November 18, 2020 – The Japanese market represents a significant opportunity for small and mid-sized medical device companies with historically strong pricing and distribution partners. The Technology Commercialization Group (TCG) can help companies navigate the challenges of entering the Japanese market.
Japan’s aging population and strong history of adopting new medical technologies have fueled the growth of the Japanese market for medical devices. In 2018, Japan spent $29.3 billion on medical devices. And while the country has a sizable medical device industry, particularly in imaging technologies, more than 70% of medical devices used in Japan are imported from the United States and Europe.
In the past, challenging regulatory requirements have led many smaller medical device companies in the United States and Europe to forego Japan. But Japan has streamlined its regulatory processes considerably in the last ten years, including a much greater willingness to accept foreign data in submissions.
Japanese physicians are enthusiastic, early adopters of novel medical technologies. Unfortunately, in the past, Japan’s onerous regulatory requirements meant Japanese physicians were often behind their US and European counterparts in getting access to the latest medical devices. The medical community in Japan has thus been one of primary drivers for regulatory reforms that have streamlined the process of getting new medical devices approved and reimbursed in Japan.
Medical device selling prices in Japan are higher, on average, than in other geographic markets. Historically, Japan has paid the highest prices in the world for advanced medical technology; higher than the United States and much higher than most European countries. High reimbursement enables many device manufacturers to realize higher product prices and profit margins than in many other geographic markets.
There are three important initial steps that foreign companies should take in considering and planning their Japan market entry:
- Understanding regulatory approval requirements and timelines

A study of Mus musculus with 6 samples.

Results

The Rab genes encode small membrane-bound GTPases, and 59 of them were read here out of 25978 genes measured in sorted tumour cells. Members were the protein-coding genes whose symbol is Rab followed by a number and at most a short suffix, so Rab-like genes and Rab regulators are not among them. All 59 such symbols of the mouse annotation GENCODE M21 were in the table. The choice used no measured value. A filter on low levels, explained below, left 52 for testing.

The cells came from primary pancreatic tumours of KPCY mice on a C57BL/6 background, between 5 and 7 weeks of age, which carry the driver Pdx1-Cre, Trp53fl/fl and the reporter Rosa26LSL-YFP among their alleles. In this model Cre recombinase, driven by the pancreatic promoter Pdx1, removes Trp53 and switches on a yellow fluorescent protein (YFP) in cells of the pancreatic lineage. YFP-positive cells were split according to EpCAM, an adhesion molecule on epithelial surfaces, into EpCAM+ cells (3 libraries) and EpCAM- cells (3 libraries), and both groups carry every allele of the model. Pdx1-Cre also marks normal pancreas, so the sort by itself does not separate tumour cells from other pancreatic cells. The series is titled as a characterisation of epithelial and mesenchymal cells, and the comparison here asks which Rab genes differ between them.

- Determining the relative reimbursement pathways and implications for product pricing
- Finding a distributor to support product launch and on-going sales and marketing efforts
The medical device regulatory environment in Japan has been historically challenging for foreign companies. In the past, the Pharmaceutical and Medical Device Agency’s (PMDA) had required foreign medical device companies to conduct local clinical trials. More recently, the PMDA has begun to accept foreign clinical data in support of foreign product registrations. In addition, the regulatory agency has also streamlined the review process and reduced approval times. While still significant, the Pharmaceutical and Medical Device Agency’s (PMDA) timeline for approval is significantly less than it was just ten years ago. For more complex or novel devices, PMDA may require clinical studies in Japan. While this can be a significant expense, it also creates an opportunity to build relationships with key opinion leaders in Japan ahead of a market launch.
Japan has a robust and well-funded public and private insurance and reimbursement system. All medical device products, whether domestic or foreign, must be approved for listing in Japan’s reimbursement system. Device manufacturers apply for a reimbursement rate, or price, to the Ministry of Health, Labor and Welfare (MHLW). Sometimes the MHLW may require additional healthcare outcome information in consideration of a product price request. Once granted, the product price is effective under all insurance schemes whether public, private or employer based.
When approval is achieved, a US or European firm must designate a local Marketing Authorization Holder (MAH) as its local representative. This can be a distributor, or one of many Japanese companies that exist to serve as MAHs for foreign companies.
Determining the optimum sales channel and finding an effective distributor is key for a successful product launch and continued sales growth in Japan. Many of the large, multinational medical device firms work closely with a network of dealers and distributors in addition to having their own direct sales organizations in Japan. There is a large group of medical device distribution companies that specialize in working with medium and smaller sized firms from the United States and Europe. Many of these distributors not only have the traditional sales and marketing capabilities, but also substantial customer service, education and regulatory capabilities.
The first step for foreign medical device companies is to identify a Japanese distributor with strong experience in the target specialty (e.g. orthopedics, interventional cardiology, rehabilitation medicine, etc.). The device manufacturer can work with the distributor to evaluate a product’s potential in Japan and to understand the regulatory pathway. Many Japanese distributors will do this initial market and opportunity assessment at no cost to the manufacturer as their main interest lies in getting new products for their sales organizations to sell.
Dean Gray has introduced a range of diagnostic imaging and medtech products in Japan. At Becton Dickinson (BD), he established and grew the specialty surgical instrument and supply business in Japan. Dean successfully launched numerous new products and led the expansion of Boston Scientific’s Japanese urology, gastroenterology and endoscopy businesses. For a US VC-backed start-up, he identified, recruited and managed a specialty Japanese distributor to successfully launch and market a novel nuclear cardiology imaging device. Dean studied and worked in Japan for several years. Contact Dean at email@example.com.